We had many conversations with representatives from major financial institutions and enjoyed the opportunity for challenge and debate.
There were some customer insights which were universally recognised, by us and the banks. For instance, our assertion that ‘people choose products and benefits not banks’ was unanimously agreed with. Similarly, when we stated that ‘sales strategy focuses on acquisition rather than deepening product relationships with existing customers’, the banks concurred.
However, we didn’t agree on everything. One insight that really challenged the preconceptions and beliefs of the banks was that customers perceive online as being an inferior channel to phone or branch. This perception was challenged emphatically. ‘Customers’ love it because it’s convenient, efficient, it’s available 24/7 and it is low effort’ was the typical counter argument.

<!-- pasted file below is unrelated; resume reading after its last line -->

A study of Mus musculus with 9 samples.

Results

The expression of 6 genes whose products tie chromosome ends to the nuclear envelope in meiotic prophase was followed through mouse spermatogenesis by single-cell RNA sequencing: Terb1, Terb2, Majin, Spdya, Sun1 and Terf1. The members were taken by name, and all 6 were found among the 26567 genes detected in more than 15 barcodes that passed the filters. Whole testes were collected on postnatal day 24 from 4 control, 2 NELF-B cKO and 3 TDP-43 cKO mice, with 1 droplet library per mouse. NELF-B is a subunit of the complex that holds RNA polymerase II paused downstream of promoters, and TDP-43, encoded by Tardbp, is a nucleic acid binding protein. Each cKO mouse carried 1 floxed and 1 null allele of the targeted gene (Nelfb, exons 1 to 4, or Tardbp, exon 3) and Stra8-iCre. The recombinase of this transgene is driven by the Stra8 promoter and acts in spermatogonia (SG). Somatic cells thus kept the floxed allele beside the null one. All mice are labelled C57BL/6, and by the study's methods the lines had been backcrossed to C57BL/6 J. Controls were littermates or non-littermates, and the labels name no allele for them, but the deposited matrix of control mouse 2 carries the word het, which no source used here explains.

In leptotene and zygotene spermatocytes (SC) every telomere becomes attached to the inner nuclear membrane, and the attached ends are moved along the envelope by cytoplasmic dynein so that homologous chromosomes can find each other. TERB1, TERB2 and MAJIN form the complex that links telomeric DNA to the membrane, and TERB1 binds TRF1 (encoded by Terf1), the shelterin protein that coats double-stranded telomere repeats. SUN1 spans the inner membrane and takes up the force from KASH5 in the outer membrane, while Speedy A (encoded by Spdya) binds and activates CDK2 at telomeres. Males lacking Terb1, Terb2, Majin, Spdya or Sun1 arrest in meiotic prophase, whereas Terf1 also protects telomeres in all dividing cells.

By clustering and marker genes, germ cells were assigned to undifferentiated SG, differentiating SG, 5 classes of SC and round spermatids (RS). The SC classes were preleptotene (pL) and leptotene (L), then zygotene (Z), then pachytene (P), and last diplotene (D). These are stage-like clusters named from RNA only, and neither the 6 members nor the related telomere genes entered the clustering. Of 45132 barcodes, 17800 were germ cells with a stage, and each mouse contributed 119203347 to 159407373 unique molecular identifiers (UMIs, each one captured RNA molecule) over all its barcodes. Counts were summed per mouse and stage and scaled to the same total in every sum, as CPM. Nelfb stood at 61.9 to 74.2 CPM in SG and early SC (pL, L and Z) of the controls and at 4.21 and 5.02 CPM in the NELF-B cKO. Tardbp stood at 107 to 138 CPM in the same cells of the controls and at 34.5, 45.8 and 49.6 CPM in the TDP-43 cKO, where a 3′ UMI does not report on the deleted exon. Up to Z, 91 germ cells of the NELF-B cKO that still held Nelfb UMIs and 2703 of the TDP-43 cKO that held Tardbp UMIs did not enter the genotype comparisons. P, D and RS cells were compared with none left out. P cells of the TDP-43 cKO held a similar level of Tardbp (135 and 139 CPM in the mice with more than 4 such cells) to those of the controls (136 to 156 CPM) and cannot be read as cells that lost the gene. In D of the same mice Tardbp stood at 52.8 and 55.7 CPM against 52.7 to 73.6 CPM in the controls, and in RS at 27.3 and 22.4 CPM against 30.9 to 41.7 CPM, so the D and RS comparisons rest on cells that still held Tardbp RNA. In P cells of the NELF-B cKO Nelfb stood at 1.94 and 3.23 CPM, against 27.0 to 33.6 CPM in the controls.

While we accepted that in principle all of this was true in the sense that they are the drivers for consumers to use digital, we had to point out that it ignored some of the fundamental problems customers’ have when they shop online with finance providers.
As it stands today, the overwhelming majority of banks are offering very poorly designed online shopping experiences and no-one has got it completely right. Consumer confidence is therefore low. Poor navigation and categorisation make it hard to find products. Furthermore, badly designed tools fail to support product interrogation and selection, and jargon laden content can put the finance shopper off completely.
So the answer is, yes, consumers in Singapore do want to buy financial products online but the problem is the banks just aren’t doing enough to convert this desire into actual product purchases. Hence the customer’s preference for phone or branch when they want to buy a financial product.
The good news is that a lot could be achieved and many wins realised very quickly by any bank willing to make an investment in fixing these issues. There’s a huge opportunity to be had and the potential is only limited by the ambitions of the banks themselves.